Republican congressmen are hoping that the scandal at the Internal Revenue Service will lead to tax reform. Many so-called strategists are advising Republicans to use the public anger to get tax reform.
Most so-called experts don’t believe that genuine tax reform is something that can be achieved in the foreseeable future. The problem with real tax reform is that it causes too much pain and it makes the politicians in charge of trying to obtain tax reform very unpopular. On top of that, the real tax reform ideas have no relationship to the so-called scandal. In essence, the Republicans want to broaden the tax base, lower tax rates, and reduce the number of brackets. Some ultra conservatives are suggesting we should “abolish the IRS.” Obviously, that’s not going to happen. There needs to be a government agency that collects taxes, like it or not. The good news is that sometimes scandals lead to effective laws.
There was an IRS scandal in the 1990’s involving IRS agents being pressured to meet quotas to collect back taxes and penalties. Some agents anonymously admitted those quotas led to aggressive collections, even to the point of collecting money that wasn’t really owed. That ultimately led to new laws, including the 1998 law that created an inspector general within the Treasury Department to oversee the IRS for abusive practices. There was, in fact, a report from that office on the targeting of conservative groups that brought about the latest scandal. In other words, the laws created because of the 1990’s scandal were the very laws that brought to light the current problem. “You could argue that we would know nothing about this if not for the law,” stated Senator Rob Portman, an Ohio Republican.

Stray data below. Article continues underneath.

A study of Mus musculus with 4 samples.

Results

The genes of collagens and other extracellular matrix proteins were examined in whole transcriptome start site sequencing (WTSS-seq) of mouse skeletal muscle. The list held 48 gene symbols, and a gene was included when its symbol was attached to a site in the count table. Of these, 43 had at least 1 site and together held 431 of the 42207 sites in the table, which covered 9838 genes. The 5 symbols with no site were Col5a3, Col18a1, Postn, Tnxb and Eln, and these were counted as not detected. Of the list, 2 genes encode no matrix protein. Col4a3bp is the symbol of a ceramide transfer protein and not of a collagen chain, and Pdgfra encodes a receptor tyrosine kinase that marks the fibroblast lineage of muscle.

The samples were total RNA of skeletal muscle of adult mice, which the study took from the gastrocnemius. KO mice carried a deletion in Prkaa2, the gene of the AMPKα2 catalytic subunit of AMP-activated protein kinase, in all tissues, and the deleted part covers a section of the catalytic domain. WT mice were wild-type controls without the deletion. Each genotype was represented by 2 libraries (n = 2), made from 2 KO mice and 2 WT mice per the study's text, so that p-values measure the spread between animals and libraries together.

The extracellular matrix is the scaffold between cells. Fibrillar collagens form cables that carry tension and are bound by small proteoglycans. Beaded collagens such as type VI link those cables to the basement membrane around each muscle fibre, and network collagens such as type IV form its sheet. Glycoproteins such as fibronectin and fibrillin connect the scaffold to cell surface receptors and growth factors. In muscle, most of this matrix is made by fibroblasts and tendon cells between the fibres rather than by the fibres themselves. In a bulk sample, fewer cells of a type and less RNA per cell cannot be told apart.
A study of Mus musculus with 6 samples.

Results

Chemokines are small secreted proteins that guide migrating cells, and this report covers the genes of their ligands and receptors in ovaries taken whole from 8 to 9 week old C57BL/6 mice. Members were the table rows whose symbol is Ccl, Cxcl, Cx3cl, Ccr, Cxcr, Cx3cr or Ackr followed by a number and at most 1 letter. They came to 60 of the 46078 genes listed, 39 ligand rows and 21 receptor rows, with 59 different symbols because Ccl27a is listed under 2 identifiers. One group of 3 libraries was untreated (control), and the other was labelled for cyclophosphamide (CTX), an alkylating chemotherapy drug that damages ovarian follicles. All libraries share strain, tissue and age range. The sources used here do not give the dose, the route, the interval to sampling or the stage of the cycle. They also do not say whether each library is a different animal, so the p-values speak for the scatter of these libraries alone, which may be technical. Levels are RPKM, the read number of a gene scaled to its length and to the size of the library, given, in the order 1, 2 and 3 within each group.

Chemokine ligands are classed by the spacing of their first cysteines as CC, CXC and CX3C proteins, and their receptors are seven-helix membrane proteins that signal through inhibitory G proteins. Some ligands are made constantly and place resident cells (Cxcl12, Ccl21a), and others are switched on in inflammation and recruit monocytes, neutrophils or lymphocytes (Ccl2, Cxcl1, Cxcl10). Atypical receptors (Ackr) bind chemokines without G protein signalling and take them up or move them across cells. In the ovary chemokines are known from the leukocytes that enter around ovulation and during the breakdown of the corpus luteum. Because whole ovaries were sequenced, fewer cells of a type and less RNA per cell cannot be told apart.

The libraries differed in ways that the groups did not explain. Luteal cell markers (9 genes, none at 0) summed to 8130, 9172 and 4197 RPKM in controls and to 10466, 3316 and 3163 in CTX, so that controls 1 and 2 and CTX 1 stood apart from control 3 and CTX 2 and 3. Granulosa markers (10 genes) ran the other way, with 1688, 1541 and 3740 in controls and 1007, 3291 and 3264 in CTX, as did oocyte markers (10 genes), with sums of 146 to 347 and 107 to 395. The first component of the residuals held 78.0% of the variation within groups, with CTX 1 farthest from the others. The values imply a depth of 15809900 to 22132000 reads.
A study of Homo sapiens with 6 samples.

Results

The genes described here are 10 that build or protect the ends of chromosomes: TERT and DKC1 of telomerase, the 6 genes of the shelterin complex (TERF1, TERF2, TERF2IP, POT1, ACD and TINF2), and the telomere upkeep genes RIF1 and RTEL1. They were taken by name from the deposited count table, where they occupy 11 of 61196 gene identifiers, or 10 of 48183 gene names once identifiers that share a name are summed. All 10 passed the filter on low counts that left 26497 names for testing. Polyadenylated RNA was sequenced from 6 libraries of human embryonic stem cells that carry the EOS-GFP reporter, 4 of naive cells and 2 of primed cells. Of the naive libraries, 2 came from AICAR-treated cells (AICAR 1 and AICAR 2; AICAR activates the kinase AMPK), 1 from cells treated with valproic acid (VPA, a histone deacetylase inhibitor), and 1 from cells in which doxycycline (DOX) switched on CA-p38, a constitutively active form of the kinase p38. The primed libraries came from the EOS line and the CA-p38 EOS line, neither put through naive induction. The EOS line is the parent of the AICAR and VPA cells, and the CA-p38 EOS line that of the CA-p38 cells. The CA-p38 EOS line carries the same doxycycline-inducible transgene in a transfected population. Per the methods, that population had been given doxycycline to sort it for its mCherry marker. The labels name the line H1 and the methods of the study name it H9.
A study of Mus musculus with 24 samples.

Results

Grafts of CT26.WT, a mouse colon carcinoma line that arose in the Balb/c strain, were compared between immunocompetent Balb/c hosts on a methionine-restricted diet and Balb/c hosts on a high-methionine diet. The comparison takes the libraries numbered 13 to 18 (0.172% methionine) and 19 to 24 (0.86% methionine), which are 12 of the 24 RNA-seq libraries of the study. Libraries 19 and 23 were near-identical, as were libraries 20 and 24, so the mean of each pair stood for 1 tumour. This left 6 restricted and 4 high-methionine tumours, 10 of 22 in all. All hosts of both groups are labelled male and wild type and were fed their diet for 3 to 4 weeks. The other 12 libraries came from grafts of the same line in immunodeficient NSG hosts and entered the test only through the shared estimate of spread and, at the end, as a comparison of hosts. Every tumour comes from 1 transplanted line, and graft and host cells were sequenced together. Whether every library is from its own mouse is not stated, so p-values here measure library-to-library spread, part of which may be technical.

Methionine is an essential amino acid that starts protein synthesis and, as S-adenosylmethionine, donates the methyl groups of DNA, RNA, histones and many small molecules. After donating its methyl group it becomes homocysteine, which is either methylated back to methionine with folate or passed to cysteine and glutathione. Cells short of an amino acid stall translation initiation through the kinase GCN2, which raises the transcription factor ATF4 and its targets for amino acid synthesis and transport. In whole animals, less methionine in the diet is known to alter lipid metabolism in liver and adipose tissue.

Those laws turned out to be effective and useful, in part, because the Republicans were not so focused on putting the blame on then-President Bill Clinton. Instead, they were focused on demonstrating the dangers of letting the federal government have too much power. In turn, they came up with laws that reduced those dangers.
Like it or not, the IRS is a necessary arm of our government. The real issue is how do we balance that power so as to avoid abuses? Robert Schriebman, a tax attorney out of Los Angeles, proposed that enforcement actions such as seizures should be placed under the supervision of independent judges so the IRS is not its own “judge and jury.”
In my opinion, this is a practical, simple idea that is worth considering. Most IRS agents “play fair.” However, when they get overly aggressive or abusive, they can wreak havoc on a taxpayer, and the biggest problem is that it is very, very difficult to make them accountable to anyone.